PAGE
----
Live Review

Kanye West, Hammersmith Apollo, London

There are no special guests and the band are at the side wearing masks – this is undiluted Kanye.

‘Remind me again who’s the original super-fly? And I got love for Hov but I ain’t fucking with that ‘Suit & Tie’.’

It wouldn’t be a Kanye West gig without some controversy and a healthy display of his enormous ego. And, tonight at Hammersmith Apollo, he duly obliges. And let’s face it, you’d be pretty disappointed if he didn’t.

As the show – which has been breathtaking and was perhaps going a little too smoothly – nears an end, he breaks down ‘Clique’ (which he actually raps on with Jay-Z) and delivers a ten-minute tirade about the state of the music industry, the rap world and… well anything that seems to enter his mind really.

Hov wasn’t the only target that Yeezy had in his sights – his scattergun outburst also took aim at Grammy Awards, racism, Obama, and the rap game becoming a business. So we get ‘I don’t give a fuck what the president got to say’. We get: ‘I’ve never won a Grammy against a white person’. And we also get the bon mots: Remind me again why the Grammys can suck my dick’. He also took on money-hungry corporations, ‘I hate business people… People get at me and say …How much shampoo can you sell with yo face on it and shit?’



It’s hard to tell whether this is a carefully choreographed diatribe to court controversy or whether we’re witnessing a nervous breakdown live in West London (though the fact that he doesn’t do it at the show the next night claiming he ‘was in a bad way’ at this show suggests it might be the latter). Whichever it is, one thing is clear: it’s not surprising. These type of rants are standard fare for Kanye now. You’re kind of expecting it – the hypocrisy of it all (considering how much tickets were for tonight) and the self-awareness and the humour. He knows we’re expecting it.

The only thing you hope is that it doesn’t detract from the show. Because it’s extraordinary. It highlighted, if it needed highlighting, what a superstar Kanye West is. The Apollo is an intimate gig for him now and tonight it seems to scarcely contain his ego talent. He seems to have pulled out all the stops. The stage set up is stunning – gigantic cinema-like projector screens are all around and above. The stage itself has been made into a ramp.

He enters to a blast of ‘Cold As Ice’ and huge images of icebergs. He’s wearing all white, looking slightly like a yeti and prowling the stage. The scope of the show is staggering. Through it we get lightning, thunder sunrises, space and it even starts to snow halfway through the show (it seems like all the money was spent on the set and not on the merchandising). It feels like you’re involved in an absurd and extravagant post-modern opera piece about the changing of the seasons.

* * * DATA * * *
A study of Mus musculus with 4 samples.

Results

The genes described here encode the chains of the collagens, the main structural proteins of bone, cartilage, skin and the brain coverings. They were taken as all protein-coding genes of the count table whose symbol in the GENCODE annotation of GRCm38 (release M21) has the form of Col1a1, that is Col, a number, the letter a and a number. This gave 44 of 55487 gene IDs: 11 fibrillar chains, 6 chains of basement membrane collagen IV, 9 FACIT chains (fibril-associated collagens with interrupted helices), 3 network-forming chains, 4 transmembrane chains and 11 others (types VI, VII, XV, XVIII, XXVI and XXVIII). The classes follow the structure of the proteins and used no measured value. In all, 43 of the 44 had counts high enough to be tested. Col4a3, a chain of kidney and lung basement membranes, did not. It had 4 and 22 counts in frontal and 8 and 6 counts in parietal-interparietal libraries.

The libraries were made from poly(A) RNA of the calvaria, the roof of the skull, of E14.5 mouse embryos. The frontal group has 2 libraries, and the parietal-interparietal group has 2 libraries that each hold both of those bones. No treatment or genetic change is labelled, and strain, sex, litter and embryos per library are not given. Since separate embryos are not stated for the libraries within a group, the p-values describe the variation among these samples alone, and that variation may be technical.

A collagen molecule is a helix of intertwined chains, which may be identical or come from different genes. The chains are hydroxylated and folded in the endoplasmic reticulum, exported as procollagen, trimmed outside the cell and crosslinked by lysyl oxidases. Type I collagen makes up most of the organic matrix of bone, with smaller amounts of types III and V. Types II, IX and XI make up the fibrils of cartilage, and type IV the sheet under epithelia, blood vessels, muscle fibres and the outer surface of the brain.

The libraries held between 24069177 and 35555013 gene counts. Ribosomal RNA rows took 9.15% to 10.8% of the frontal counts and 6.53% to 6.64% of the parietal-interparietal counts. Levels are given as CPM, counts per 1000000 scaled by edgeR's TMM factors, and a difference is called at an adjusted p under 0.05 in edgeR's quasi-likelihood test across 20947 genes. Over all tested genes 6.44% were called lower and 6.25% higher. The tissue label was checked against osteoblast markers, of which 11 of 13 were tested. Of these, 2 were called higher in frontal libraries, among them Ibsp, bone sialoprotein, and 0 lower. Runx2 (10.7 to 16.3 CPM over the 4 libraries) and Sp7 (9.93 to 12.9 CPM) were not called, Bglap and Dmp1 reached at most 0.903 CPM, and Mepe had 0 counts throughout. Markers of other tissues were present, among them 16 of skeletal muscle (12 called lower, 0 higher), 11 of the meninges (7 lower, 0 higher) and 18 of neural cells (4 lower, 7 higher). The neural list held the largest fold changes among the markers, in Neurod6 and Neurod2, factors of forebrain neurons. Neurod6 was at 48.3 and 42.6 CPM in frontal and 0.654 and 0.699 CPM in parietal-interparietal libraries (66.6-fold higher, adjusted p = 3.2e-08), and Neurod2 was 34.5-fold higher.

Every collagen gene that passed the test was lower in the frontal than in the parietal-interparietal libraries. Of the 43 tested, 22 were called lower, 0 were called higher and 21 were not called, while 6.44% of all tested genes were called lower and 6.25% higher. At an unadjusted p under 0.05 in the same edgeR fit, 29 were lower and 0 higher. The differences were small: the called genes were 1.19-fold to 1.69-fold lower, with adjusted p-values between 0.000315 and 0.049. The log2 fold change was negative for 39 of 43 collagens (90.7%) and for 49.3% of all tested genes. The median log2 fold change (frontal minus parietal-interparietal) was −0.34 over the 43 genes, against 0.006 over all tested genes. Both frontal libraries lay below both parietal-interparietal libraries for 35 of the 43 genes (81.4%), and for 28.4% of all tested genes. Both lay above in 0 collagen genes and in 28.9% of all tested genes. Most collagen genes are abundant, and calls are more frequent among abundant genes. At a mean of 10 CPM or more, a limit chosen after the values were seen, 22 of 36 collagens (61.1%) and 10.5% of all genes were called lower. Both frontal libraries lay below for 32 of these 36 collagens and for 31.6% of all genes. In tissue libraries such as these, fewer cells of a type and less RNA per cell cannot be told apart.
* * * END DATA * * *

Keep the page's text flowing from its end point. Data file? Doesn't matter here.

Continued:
There are no special guests and the band are at the side wearing masks – this is undiluted Kanye. If you were playing Kanye bingo you would have got a full house. He actually says ‘I’m motherfucking Kanye West’ at one point and during the tirade reprimands the keyboard player saying ‘You’re not the lead instrument, I’m the lead instrument’.

But this is Kanye; this is what you want. And the set means he can get away with it all. It’s a show heavy on hits from a mixture of his records – we get tracks from ‘Graduation’ and ‘808’. ‘Jesus Walks’ and ‘Say You Will’ are tossed away early on and during ‘Heartless’ he wears what looks like a white stormtrooper-autotune helmet.

Other highlights are an anthemic, soaring ‘Homecoming’ and a segwayed ‘Flashing Lights’ and ‘All of The Lights’ backed by pulsating illuminations which get the crowd bouncing. And by the time he gets to ‘Stronger’ and ‘Run This Town’ they are worked into a frenzy.

But that ego of his is never far from the surface and he stops ‘Good Life’ midway through to claim that Taylor Swift is a 6-year-old and again state Beyonce was robbed (yes, he’s still going on about that!). He doesn’t even bother to finish the song.

And the batshit-ometer goes even closer to going off the scale as he performs his own version of Rihanna’s ‘Diamonds’ while wearing a diamond-encrusted gimp mask.

The crossover of the crowd – the most varied mix I’ve ever seen at a show; from rap fans and those dressed up to the nines, through to hipsters – shows what a star he is. It’s a show that is completely Kanye West. It’s extravagant and self-indulgent – and it’s brilliant. For all the ridiculousness of everything else, tonight Yeezy manages to pull off intimate and grandiose at the same time very well. It was just him on stage and at times it felt very stripped back. And that’s an incredibly hard dynamic to pull off.

The rants, the diamond masks, the stadium-sized screens crammed into a tiny venue and the fake snow. This is undoubtedly the most bizarre, crazy, entertaining Saturday night out in a while.

You think he’s finished as he stares at out at the crowd singing an extended (that’s an understatement) ‘Runaway’ – asking us to toast the assholes, the douchebags, the scumbags and the jerk-offs – and then climaxes with an bombastic but touching ‘Lost in the World’.

But as the stage goes dark he returns to end with a rare outing for ‘Gold Digger’. He drops the mic, it lands with a deep thud and he walks off. No more words are needed. He’s said enough.